Driving Lessons: Cars
Last weekend, my brother graduated from college; the speaker at his graduation was Senator Barak Obama. He spoke on a variety of topics, but his persistent theme was improving our country by rededicating ourselves to the principle of helping and thinking of others instead of simply helping and thinking of ourselves. By some strange coincidence, the film I'd seen a few hours earlier carried the exact same message.
Cars is certainly not Pixar Animation's finest film, but it may be its finest animated film. The film was, of course, preceded by a selection of coming attractions and since Cars is a kids film, the trailers tended skewed young, animated, and anthropomorphic. While Pixar must hate to give the competition a boost by giving them a platform to inject themselves into their target market's consciousness, I'd argue they should demand the work from DreamWorks and Fox and everyone else always introduce their films because nothing makes their beautiful art look better than comparing it to the footage from visual mediocrities like Barnyard.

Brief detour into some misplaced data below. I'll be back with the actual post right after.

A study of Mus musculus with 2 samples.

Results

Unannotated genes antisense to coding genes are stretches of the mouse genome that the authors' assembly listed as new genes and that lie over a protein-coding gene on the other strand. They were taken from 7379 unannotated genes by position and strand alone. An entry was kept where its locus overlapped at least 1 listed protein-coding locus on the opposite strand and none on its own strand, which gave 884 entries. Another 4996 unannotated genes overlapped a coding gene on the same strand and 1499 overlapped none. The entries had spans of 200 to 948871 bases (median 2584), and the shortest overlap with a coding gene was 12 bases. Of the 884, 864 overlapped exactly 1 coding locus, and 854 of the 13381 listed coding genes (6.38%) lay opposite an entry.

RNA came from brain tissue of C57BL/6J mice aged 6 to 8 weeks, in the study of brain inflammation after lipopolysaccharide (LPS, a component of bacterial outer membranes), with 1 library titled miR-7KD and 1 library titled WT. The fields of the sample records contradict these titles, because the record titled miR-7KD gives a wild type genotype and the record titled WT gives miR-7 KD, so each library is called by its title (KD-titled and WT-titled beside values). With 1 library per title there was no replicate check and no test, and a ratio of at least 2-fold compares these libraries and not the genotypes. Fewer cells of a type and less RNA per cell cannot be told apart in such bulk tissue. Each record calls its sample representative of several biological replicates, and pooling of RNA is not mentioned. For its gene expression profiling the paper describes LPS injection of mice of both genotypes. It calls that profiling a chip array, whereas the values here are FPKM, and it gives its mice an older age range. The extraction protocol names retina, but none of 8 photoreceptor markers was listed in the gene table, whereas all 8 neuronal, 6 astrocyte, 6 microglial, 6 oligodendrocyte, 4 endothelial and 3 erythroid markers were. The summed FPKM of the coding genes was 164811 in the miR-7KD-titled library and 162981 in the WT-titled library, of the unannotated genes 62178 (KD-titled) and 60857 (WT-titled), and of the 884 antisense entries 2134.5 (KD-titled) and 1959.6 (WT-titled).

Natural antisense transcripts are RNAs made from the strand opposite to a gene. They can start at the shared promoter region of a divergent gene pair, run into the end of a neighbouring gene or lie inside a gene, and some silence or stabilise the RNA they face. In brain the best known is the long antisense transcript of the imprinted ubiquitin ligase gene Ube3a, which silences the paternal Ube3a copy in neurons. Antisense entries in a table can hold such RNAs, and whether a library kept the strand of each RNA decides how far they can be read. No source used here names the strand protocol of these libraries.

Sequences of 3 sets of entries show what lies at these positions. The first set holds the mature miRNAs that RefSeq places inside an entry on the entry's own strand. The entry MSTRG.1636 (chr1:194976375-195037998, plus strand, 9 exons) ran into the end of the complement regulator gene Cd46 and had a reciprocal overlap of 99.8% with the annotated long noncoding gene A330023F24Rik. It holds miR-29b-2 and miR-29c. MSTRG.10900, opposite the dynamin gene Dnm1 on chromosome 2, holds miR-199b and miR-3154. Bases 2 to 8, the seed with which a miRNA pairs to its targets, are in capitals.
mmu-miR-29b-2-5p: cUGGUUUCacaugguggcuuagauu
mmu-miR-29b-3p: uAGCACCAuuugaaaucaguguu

Even though Cars is about the adventure of a talking automobile, there are moments of such staggering visual beauty, that are so picture postcard photo-real, that you often find yourself questioning whether you are really watching animation at all. Then the car starts talking out of its grill and the illusion is shattered (or, I suppose, the illusion is reestablished), but some of the sunsets in this little cartoon about talking Matchbox racers could break your heart. Watch the way light glints off the hoods of the cars as they move through the space, and the way director John Lasseter utilizes the 3D world of digital animation through the fluid use of his camera in the racing sequences (where he gets so close to the track you can see the chunks of rubber bouncing off the asphalt then soars above the cleverly named Lightyear Blimp).
I want to find something insidious about normalizing our children to the idea of accepting gas guzzling cars as members of societies given our current energy crisis (Lasseter couldn't make one of the cars a hybrid?!?) but Cars is simply too touching to begrudge it for its flaws. And it has more than any of Pixar's film since A Bug's Life: the film is nearly a reel too long, and at least three characters too many. But there are Happy Meal toys to sell I suppose.
One final note; Cars is preceded, like all Pixar films, by an animated short. This one, One Man Band is one of the studio's finest, and perfect captures Pixar's dedication to blend humor and pathos and state of the art animation, all in about four minutes. Be sure to be at the theater on time; it is not to be missed.